HARRISBURG, Pa. – Pennsylvania’s larger-than-life lieutenant governor, the 6-foot-8, bald and tattooed John Fetterman, will run for U.S. Senate, making the announcement Monday after kicking off an exploratory fundraising campaign last month that raised over $1 million.
It will be the second bid for U.S. Senate by the plainspoken 51-year-old Democrat. He may ultimately see competition from a member of Congress for his party's nomination — U.S. Reps. Brendan Boyle, Chrissy Houlahan and Conor Lamb have all said they are considering running or will take a look at it — in what could become the nation's most competitive Senate race in 2022.
Meanwhile, on the Republican side, a number of names are circulating, including former Trump administration figures. Another possibility is Jeff Bartos, a suburban Philadelphia real estate investor who started running for U.S. Senate before switching horses to become Fetterman's opponent for lieutenant governor in 2018.
The Senate seat in the presidential battleground is being left open after two-term Republican U.S. Sen. Pat Toomey announced in October that he would not run again.
Fetterman is by far the highest-profile name in Pennsylvania politics to show interest in running. He got his start in elective office in 2006 as the mayor of impoverished Braddock, a tiny steel town just outside of Pittsburgh where three-fourths of the residents are Black.
It was there that the Harvard-educated Fetterman became something of a street fighter for progressive values, as well as a minor media star for his work.
“What I bring is a 20-year record of consistency in embracing the same core issues that the Democratic Party has come to embrace,” Fetterman said in a recent interview.
In 2010, he was arrested for refusing to leave the University of Pittsburgh Medical Center’s corporate headquarters in protest over the closing of a hospital in Braddock, a cause that raised broader issues about inequality and the lack of access to health care.
Later, he performed same-sex marriage ceremonies in his home before a federal judge’s ruling made it legal in Pennsylvania.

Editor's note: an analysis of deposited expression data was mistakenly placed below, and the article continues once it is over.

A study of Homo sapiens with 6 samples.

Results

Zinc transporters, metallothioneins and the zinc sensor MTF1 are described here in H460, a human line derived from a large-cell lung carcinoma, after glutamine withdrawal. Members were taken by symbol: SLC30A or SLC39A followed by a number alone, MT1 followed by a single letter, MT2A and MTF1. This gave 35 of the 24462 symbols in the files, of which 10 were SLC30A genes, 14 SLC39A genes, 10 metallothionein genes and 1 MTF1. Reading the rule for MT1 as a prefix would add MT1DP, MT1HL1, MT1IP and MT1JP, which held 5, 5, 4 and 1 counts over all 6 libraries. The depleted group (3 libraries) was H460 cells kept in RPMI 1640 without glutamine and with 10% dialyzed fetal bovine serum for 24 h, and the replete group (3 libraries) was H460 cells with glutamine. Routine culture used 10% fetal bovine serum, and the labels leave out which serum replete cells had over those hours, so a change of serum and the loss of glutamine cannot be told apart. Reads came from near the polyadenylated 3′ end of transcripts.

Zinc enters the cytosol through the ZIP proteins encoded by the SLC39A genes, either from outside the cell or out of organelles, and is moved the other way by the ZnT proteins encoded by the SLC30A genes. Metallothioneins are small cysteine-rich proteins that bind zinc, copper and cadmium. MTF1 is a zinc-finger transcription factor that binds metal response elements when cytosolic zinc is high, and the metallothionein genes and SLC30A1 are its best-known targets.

Including his loss in the Democratic primary in 2016's Senate race, he is a veteran of two statewide campaigns, is an ever-present guest on cable news shows and has a huge social media following.
On TV and on Twitter, he has taken on Trump with gusto, aggressively attacking falsehoods about voter fraud peddled by Trump and Republicans after the November election.
Fetterman turns questions about how he himself would fit into the U.S. Senate — he is an adherent to wearing shorts in winter and short-sleeve work shirts whenever possible — into a contrast with lawmakers whose claims of a stolen election helped incite a pro-Trump mob to storm the U.S. Capitol in a deadly attack.
“Here’s what I promise to never to do: I promise to never incite a riot on Capitol Hill, I promise to never stand up on the floor of the Senate after I’ve been driven from it by a bunch of rioters and lie about our election in Pennsylvania,” he said.
Considering that kind of disgrace to the Senate, his style “should be the last of our concerns," Fetterman said.
Besides the party's bedrock issues, Fetterman is a fervent advocate for legalizing marijuana, criticizing the war on “a plant” as pointless, counterproductive and disproportionately inflicting criminal records onto Black people.
As lieutenant governor, Fetterman pushed the state pardons board — which he chairs by virtue of the state's second-in-command job — to become a vehicle to right some of the wrongs of decades of excessive sentencing, particularly of minorities.
He also took the issue of legalizing marijuana on the road, holding a public hearing in every county.
Bartos may be next in declaring his candidacy.
In an interview, Bartos said he is seriously considering a run. In the next couple of weeks, he will be calling community, business and party leaders to discuss his possible candidacy, opening a campaign bank account and starting to fundraise, he said. He expects to make a final decision in March.
Bartos, 48, has longtime connections to GOP campaign donors and political elite through his work fundraising for candidates.
He served briefly as the state party's finance chair and, unlike some of his potential rivals for the GOP nomination, he can make a substantial campaign donation to himself.